Israel for the Perplexed

2 minute read

I’m often asked to recommend things to do for tourists visiting Israel. One one hand, there’s no need to reinvent the wheel:

  • Go Israel: official site, recently updated, surprisingly varied and interesting.
  • Wikivoyage: useful crowdsourced travel site under the Wikimedia umbrella.
  • tripadvisor: widely-used portal with rankings, reviews, and lots of useful data.
  • Yelp isn’t a thing here, yet.
  • Netflix is, but it’s severely limited.
  • Chill is too.

This page is an introduction. See the sidebar links for more detail on specific topics.


Israel is a small country in the Middle East, surrounded by the Mediterranean Sea, Lebanon, Syria, Jordan, and Egypt, home to 8.6 million people. It is a synergy of a rich historic past, with ambition and optimism for the future.

Formed in 1948, and fighting for its survival ever since day one, Israel is a global leader in many areas, including science, technology, defence, and innovation. Dan Senor’s book, Start-Up Nation goes some way to explaining how a tiny country surrounded by enemies, has not only survived, but actually thrived.

Israel also leads in inverse relationship between physical and population size, and the number of:


Israel is much more diverse than the casual observer might expect. Around 73% of the population is Jewish, mostly of Mizrachi and Ashkenazi descent. Of these, around:

  • 42% identify as secular.
  • 38% are traditional.
  • 20% Orthodox, made up of:
    • 12% are “religious Zionist”
    • 8% are “ultra-Orthodox”.

Keeping up? Another 20% is Arab, mostly Muslim, Christian and Druze.

The rest is divided between other Semitic and non-Semitic groups, such as the Samaritans, Black Hebrews, and foreign workers, many of whom come from China, the Philippines, and Sudan.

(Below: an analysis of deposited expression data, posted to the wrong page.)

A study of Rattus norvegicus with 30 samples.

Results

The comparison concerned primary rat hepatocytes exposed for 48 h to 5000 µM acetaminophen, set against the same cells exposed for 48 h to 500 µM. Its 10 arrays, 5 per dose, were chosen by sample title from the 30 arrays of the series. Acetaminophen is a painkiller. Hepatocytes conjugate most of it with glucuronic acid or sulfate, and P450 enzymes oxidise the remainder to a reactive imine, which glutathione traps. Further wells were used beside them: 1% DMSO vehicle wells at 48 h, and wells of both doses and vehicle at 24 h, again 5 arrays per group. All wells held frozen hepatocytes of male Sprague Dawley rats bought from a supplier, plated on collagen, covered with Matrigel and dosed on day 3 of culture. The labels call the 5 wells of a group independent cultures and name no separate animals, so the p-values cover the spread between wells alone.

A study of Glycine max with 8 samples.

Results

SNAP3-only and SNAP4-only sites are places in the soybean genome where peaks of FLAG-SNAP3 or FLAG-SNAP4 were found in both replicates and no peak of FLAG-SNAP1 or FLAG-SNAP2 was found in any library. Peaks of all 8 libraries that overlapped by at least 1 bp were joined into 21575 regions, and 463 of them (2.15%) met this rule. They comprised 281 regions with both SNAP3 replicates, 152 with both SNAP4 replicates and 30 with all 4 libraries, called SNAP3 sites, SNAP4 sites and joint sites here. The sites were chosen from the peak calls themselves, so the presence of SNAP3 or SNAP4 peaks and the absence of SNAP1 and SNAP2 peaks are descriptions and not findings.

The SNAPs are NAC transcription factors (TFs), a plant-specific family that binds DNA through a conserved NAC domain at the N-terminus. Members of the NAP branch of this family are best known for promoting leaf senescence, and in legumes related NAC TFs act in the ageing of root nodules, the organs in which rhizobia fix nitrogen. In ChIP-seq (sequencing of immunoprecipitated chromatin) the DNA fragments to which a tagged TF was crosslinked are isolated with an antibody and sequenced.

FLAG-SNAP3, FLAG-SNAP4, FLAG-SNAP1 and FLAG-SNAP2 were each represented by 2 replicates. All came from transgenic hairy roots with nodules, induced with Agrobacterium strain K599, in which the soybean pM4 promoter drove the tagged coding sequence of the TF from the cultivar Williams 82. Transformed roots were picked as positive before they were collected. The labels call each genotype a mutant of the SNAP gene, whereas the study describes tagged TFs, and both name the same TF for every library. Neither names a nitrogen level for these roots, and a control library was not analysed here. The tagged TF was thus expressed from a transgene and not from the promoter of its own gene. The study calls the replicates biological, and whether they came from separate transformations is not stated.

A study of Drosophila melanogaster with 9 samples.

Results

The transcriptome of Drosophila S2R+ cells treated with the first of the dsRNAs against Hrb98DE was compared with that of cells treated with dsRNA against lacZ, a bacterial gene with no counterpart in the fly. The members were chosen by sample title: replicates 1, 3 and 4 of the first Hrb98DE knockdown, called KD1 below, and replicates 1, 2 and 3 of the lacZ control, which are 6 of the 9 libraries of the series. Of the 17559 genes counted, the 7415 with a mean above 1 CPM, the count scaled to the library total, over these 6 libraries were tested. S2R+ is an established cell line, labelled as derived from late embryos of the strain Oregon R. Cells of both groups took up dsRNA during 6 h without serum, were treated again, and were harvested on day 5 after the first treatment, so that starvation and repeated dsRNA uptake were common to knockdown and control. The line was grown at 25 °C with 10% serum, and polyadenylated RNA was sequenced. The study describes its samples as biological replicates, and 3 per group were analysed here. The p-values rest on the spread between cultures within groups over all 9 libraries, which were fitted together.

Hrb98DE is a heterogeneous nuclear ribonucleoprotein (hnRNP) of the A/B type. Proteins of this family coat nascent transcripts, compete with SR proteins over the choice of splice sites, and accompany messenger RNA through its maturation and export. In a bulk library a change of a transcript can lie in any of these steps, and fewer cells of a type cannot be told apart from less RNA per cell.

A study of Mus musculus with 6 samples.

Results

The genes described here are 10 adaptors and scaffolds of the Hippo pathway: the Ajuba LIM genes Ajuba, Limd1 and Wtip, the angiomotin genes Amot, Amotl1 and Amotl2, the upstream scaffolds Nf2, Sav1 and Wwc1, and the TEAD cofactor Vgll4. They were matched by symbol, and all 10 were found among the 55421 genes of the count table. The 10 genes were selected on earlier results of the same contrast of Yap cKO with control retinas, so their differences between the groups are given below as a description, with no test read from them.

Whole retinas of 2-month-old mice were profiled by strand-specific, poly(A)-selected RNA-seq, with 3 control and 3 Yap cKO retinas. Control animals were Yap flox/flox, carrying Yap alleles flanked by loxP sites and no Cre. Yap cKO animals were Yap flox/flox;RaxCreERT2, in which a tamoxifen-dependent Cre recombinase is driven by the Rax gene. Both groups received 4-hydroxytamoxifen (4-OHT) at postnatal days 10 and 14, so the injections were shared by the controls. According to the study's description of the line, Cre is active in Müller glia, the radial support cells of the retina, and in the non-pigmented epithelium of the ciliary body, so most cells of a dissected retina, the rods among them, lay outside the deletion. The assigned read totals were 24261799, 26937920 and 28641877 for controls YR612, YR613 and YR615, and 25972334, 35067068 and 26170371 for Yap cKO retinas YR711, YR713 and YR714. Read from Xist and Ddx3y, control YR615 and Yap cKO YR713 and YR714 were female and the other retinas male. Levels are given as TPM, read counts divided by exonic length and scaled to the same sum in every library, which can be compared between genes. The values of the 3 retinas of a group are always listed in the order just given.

This macro diversity is also reflected locally. Let’s take the two largest cities as an example. It’s easy to characterize:

  • Jerusalem, a religious time-warp, walls dripping with legendary stories of war and peace.
  • Tel Aviv, thinks it’s NYC and Berlin, unaware of its real location, 200km from Damascus and Beirut.

In fact, songs have been written about the contrast between the two, which reflect different sides of our psyche. Yet, Jerusalem boasts a buzzing, intimate nightlife, and if you know where to look in Tel Aviv, there are many reminders that you’re in the Middle East.

So, it’s pointless to try and stereotype the “typical” Israeli, but be prepared for a:

  • Dry sense of humour, equally fuelled by hopefulness and helplessness.
  • Straightforward, robust, non-politically-correct attitude.
  • “Seize the day”, live-for-the-moment approach.
  • Curiosity and interest in outsiders.

Even the climate varies, from the green, hilly north to the desert in the south. This is a place of contrast.


Like every country, Israel is proud of its culinary culture, which is decidedly Middle-Eastern with little influence from Ashkenazi Jewry. You can find chopped liver and gefilte fish, but it’s not the norm. From the most basic street food to the complex and contemporary.


  • Use sunblock when outside, and respect the dangers of the sun. Skin cancer is a big killer in Israel.
  • From dusk, mosquito repellent is highly recommended, the amazing little gits can really annoy. Or you could just take me with you in which case they’ll leave you alone and devour me.
  • Title inspired by the Rambam’s Guide for the Perplexed.

(Header image: Camel near Kfar Kassem.)